April 30, 2010

Paging Dr. Wilson?

I'm in Vancouver with Jade. We've come down for her regular visit to BC Kids. There was no EEG this time. Her epileptologist says she's stable and is pleased at how far she's come and how she's developing. We'll do some more tweaking to the diet but she says we won't need to come down again for six months.

Notwithstanding the progress made on the epilepsy front, a new area of concern has emerged. It's normal for kids on the ketogenic diet to get a fatty liver, but Jade's liver enzymes are high even for a kid on the diet. Playing it safe, our epileptologist referred us to a renal gastrointestinal specialist.

The day that we flew into town, Jade and I went straight to the hospital for some bloodwork. The GI specialist had Jade's blood testing for a slew of different things. One of the tests came back abnormal. It was a test for Wilson's Disease. The test alone doesn't mean that Jade has Wilson's Disease - a recessive genetic condition where the body cannot properly process excess copper, so it builds up in the neurological system, eyes, and liver and causes neurological problems (including seizures) and liver problems.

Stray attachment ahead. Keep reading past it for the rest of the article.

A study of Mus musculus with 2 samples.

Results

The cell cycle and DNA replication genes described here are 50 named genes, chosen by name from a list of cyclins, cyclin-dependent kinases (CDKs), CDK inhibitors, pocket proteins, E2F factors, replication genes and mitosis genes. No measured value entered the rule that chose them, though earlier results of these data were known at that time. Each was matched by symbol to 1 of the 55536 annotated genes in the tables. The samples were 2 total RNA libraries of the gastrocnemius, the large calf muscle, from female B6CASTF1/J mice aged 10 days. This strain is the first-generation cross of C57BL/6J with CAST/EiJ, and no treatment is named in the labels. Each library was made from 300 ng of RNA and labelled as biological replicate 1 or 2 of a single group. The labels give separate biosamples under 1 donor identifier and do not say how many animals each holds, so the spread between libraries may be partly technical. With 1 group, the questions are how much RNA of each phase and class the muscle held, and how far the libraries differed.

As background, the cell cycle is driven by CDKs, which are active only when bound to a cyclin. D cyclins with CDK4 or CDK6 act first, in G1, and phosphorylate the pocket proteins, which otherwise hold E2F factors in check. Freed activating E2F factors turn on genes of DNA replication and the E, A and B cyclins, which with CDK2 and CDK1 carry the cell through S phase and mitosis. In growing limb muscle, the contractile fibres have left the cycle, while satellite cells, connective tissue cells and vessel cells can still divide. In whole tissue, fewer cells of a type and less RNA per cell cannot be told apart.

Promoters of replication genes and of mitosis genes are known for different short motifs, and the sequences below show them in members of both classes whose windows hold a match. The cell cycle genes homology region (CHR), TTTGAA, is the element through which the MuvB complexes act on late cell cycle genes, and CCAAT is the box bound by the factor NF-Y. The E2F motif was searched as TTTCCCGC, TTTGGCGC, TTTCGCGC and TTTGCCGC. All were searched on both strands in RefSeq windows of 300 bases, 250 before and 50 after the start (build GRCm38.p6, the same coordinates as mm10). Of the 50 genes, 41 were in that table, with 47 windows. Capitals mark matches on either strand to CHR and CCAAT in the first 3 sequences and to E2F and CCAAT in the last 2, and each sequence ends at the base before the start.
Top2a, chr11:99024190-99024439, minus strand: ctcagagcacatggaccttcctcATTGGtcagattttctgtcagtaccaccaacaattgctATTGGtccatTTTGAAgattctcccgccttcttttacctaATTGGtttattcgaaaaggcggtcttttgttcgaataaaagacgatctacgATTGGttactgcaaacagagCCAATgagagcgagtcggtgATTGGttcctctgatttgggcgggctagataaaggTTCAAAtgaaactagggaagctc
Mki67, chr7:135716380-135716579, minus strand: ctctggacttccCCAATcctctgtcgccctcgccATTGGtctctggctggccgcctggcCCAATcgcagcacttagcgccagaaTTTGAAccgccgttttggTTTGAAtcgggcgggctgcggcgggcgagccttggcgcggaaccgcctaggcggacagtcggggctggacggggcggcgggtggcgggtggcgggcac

The bad news is that, if Jade has Wilson's Disease, it's something she'll have to live with for her entire life. The good news is that it's treatable and, (I hope) if we treat it properly, maybe it'll get rid of her seizures completely. It could be one of those "bad news" things that's actually a "good news" thing.

But it's a very, very, very remote chance that she has Wilson's Disease. People with the disease usually develop copper rings in their eyes (but you'd need specialized optometry equipment to see them). We had Jade's eyes tested while we were here and she doesn't have those rings. In fact, the optometrist said that her eyes are all-round perfect.

There are a number of other things beyond the DNA marker and the eyes that must be tested for a formal Wilson's Disease diagnosis. The "gold standard" is a liver biopsy. We're not even close to going there yet, though. We still have other - less invasive - tests to do first. Like lots of urine testing.

Just an aside to say that I wonder about these people who have diseases named after them. Do they take it as a compliment or does it pain them to have their name associated with a disease? That their name will be forever associated with something that afflicts people in a negative way.

"Dude! Your nose is running! You might have Meandering Michael's Disease. You should get that checked out."